Body count continues to rise in the Mexican drug wars
In recent weeks Mexican drug conflicts have continued to produce casualties on the south side of our border, bringing the total number of drug-related deaths to 28,228 since 2007. While many would argue that this is a matter for Mexico to figure out on their own, this war raging along our southern border has reached the point where the United States may have to step in to try and restore order. While Mexicans and Americans alike are waiting on some form of legislation addressing the matter perhaps the answers are closer than they think. The Merida Initiative was a law signed into action during the Bush administration, which specifically commits $1.5 billion in aid to Mexico and a few Central American countries over three years to help combat the growing number of drug cartels in the region. Amongst other things the law sought to modernize the military, as well as provide improved technology and equipment to aid these underfunded countries in their war against the drug cartels.
Since this was passed, however, it seems that the assistance America hoped to provide has fallen short. The money that was sent was not enough and the cries of the innocent remain unanswered. In March the Obama administration offered their full endorsement of Mexican President Felipe Calderon, who pushed a war against the drug cartels as one of his platforms.
Since that time Calderon has deployed 45,000 troops and 5,000 federal police to try and restore some order to the chaotic atmosphere that has torn Mexico apart. With the growing number of deaths in the country, some even extending to political figures and law enforcement, it is becoming more apparent that traditional bureaucratic practice is no longer an answer. By standing around and waiting for diplomatic solutions, both countries are putting countless citizens at risk and allowing terrorism to take a hold of the country.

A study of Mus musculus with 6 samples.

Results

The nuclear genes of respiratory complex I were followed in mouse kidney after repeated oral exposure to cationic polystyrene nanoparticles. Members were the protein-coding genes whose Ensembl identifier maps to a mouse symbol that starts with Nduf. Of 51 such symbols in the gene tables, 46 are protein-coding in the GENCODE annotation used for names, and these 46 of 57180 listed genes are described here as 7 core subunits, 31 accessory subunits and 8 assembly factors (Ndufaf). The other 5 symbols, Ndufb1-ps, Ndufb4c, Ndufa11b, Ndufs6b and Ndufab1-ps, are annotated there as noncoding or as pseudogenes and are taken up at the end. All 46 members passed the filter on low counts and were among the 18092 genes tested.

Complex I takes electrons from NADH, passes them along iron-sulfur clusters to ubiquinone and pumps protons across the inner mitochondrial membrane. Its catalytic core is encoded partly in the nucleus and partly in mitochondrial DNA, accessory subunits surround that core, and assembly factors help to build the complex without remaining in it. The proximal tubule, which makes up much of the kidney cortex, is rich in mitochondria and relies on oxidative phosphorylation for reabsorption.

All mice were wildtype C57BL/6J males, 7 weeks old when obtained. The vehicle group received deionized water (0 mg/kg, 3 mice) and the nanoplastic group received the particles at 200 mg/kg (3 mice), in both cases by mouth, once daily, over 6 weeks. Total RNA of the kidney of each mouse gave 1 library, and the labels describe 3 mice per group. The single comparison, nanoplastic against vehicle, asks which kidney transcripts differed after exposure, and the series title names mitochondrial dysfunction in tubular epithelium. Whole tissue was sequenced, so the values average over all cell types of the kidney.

The violence taking place perilously close to our border is a war worth fighting and in need of immediate action. Not the type of war that involves injecting democracy and extracting oil, but a necessary battle to protect innocent lives and retain order to a country with the close proximity to actually affect American life.
However, the drug war places America in a compromising position, as the number one consumer of illicit drugs coming out of Mexico. According to the CIA, the US is the largest consumer of Mexican cocaine, heroin, and marijuana, as well as one of the world's most profitable drug markets.
We live in an era where drugs have become the tools of rock stars and celebrities transforming stigma into style. Our youth especially leads this endorsement, which only prompts the question of the direction our country is heading in the future.
Sex, violence and Rock ‘n' Roll- it's the American Dream. It's also poisoning our youth and putting lives at risk for brief moments of euphoria. If the United States truly wants to help settle the chaos in Mexico the first step would be by making more of an effort to settle the drug problem at home. This is not a problem to be addressed once it reaches us; it is already deeply rooted in our soil, and demands an immediate and proactive approach to quell its further spread.
While our government provides minimal aid, the problem is spreading overseas into Africa and the Middle East, where the cartels are able to secure raw materials, indicating that if something isn't done now this issue will surely transmogrify into a global issue.
Passivity is hardly the course of action that should be taken from a country with the resources to actually affect meaningful change.
If America wants to shed the negative reputation it has developed over these past few years of global policing and suspect wars, this would be the first step in the right direction. If it doesn't want to be known as the monstrous capitalist superpower, now is the chance to finally assist an ailing country that is begging for support. But most of all, if our country hopes to protect its own citizens from the ravages of this war, a stand must be taken now.
Unfortunately, until this pervasive predicament becomes blatantly problematic to the general population of America it will likely only have one consequence for most Americans, one less vacation destination. But hey, we still have Hawaii.